Chinese people are living healthier and longer lives as medical and sanitary conditions in the country have greatly improved, according to the latest report from the Ministry of Health.
Residents' average life expectancy, a key measurement of economic development and health care levels, increased to 73 years in 2005 from 71.4 years in 2000.
In addition, the infant mortality rate decreased to 1.53 percent in 2007 from 2.55 percent in 2003. Last year, 36.6 people per 100,000 women died during pregnancy or childbirth, compared to 51.3 women per 100,000 in 2003.
According to the report, the improvement in Chinese people's health conditions was attributed to increased spending on medical care and enhanced medical services provided across the country in the past five years.
In 2007, China was estimated to have spent 1.05 trillion yuan (US$144.43 billion) in healthcare, accounting for 4.82 percent of the gross domestic product, with the per capita medical expenditure standing at 781 yuan.
The government is shouldering more of the medical expenditure in the past five years. Government spending, as a proportion of the country's total medical expenses, increased by one percent from 2003 to 2006, while residents' spending dropped 6.5 percent in the same period.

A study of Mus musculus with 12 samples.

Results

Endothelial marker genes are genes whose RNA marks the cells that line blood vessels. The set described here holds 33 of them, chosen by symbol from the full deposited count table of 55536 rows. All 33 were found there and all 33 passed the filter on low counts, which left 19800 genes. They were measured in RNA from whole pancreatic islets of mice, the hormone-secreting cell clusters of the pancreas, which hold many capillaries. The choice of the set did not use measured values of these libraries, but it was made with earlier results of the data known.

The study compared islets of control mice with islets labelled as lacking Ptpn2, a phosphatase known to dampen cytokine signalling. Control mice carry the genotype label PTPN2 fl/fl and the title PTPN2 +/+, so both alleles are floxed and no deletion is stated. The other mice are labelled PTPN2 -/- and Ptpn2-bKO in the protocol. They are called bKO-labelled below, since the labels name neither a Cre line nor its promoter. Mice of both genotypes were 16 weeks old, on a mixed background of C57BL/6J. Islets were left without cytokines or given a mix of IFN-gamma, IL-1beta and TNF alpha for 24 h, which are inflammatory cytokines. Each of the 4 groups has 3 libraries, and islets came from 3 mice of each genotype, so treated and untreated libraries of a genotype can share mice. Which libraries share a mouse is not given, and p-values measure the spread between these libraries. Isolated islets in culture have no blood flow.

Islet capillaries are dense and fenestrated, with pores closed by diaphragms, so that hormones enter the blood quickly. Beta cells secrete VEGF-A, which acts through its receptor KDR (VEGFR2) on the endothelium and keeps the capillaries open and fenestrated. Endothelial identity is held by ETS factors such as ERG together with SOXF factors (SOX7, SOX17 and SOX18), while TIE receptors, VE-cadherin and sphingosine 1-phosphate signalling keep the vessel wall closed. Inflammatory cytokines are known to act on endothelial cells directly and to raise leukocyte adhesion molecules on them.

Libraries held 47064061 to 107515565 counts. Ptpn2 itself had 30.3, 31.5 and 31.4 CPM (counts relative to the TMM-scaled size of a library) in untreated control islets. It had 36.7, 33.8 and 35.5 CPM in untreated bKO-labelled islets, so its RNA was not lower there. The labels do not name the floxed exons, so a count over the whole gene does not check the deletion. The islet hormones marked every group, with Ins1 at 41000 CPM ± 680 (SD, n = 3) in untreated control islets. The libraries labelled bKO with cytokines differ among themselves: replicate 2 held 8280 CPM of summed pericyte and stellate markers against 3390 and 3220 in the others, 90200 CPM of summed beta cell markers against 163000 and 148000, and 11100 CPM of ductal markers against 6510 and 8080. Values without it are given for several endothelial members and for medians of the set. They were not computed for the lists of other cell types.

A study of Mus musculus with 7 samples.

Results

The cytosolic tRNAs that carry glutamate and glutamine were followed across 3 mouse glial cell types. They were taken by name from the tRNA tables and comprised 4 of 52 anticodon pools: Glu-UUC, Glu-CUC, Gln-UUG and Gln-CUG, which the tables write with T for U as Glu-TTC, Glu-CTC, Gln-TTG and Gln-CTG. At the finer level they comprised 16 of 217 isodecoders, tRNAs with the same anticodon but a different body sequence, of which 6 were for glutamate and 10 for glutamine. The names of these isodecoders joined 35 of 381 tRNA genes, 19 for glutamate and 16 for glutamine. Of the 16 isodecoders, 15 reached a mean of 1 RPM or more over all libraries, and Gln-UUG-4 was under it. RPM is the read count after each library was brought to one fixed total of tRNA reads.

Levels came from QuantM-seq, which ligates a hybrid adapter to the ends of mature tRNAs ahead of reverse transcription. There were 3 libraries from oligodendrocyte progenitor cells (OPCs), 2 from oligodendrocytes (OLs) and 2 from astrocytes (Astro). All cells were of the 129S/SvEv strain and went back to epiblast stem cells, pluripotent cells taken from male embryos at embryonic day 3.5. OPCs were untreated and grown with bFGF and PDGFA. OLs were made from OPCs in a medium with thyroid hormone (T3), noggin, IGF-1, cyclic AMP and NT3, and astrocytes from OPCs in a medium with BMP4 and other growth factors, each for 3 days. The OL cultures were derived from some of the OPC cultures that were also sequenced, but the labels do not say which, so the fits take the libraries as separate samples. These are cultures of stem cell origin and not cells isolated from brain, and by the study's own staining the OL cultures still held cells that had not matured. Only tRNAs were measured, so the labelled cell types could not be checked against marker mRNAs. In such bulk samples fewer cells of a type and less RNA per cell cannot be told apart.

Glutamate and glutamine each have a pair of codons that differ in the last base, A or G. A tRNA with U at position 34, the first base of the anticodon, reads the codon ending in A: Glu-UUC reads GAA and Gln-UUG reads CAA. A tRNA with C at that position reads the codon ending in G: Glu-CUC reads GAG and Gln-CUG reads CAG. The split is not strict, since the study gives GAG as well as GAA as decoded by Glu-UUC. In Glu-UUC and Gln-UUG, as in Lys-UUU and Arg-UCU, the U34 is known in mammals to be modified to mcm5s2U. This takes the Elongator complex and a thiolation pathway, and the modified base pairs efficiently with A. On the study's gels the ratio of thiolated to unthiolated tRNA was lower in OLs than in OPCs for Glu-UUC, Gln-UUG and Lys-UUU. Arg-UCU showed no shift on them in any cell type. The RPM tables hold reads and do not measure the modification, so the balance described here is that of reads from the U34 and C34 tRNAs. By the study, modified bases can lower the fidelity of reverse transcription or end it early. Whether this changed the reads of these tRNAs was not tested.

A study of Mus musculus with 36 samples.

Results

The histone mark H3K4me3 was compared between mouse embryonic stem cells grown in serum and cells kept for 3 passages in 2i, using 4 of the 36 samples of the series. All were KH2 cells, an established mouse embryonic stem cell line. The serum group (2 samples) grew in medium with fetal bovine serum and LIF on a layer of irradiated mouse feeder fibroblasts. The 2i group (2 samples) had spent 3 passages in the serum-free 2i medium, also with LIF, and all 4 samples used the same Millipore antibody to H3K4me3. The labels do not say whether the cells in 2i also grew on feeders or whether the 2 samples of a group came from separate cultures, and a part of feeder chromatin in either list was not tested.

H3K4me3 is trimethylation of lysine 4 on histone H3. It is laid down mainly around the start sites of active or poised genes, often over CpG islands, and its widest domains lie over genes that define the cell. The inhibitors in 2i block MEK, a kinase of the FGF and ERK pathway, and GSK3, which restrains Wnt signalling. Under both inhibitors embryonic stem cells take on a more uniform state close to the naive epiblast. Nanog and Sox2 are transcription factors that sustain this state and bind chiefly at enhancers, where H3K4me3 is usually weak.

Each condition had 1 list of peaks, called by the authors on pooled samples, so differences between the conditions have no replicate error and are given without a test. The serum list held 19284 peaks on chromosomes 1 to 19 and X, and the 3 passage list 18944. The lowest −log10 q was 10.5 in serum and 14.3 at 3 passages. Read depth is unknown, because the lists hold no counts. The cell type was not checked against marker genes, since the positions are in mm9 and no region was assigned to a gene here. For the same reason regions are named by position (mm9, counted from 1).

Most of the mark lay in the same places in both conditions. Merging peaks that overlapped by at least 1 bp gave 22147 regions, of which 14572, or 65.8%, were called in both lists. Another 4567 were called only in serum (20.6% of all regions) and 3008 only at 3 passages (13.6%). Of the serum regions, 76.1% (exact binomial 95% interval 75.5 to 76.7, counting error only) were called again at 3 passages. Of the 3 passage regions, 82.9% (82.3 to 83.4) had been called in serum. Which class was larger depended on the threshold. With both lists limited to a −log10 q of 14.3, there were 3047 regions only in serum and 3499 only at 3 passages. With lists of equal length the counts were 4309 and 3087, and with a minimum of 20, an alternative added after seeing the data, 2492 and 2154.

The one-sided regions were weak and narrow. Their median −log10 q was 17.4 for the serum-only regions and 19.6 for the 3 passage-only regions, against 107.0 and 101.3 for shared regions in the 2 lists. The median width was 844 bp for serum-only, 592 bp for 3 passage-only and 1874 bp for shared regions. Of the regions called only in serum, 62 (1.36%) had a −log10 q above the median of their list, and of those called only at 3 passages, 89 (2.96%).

As a result of increased investment in medical care, people are able to enjoy better medical services. By the end of last year, a total of 315,000 medical institutions were established, 24,000 more than that in 2003. The number of medical practitioners, including assistant practitioners, rose to 1.56 per 1,000 people in 2007 from 1.48 per 1,000 in 2003. The number of registered nurses per 1,000 people climbed to 1.12 from one nurse during the same period.
The report adds China has made much effort to improve the public health and medical system in the past five years, covering maternity and childcare, disease prevention and medical insurance in both urban and rural areas.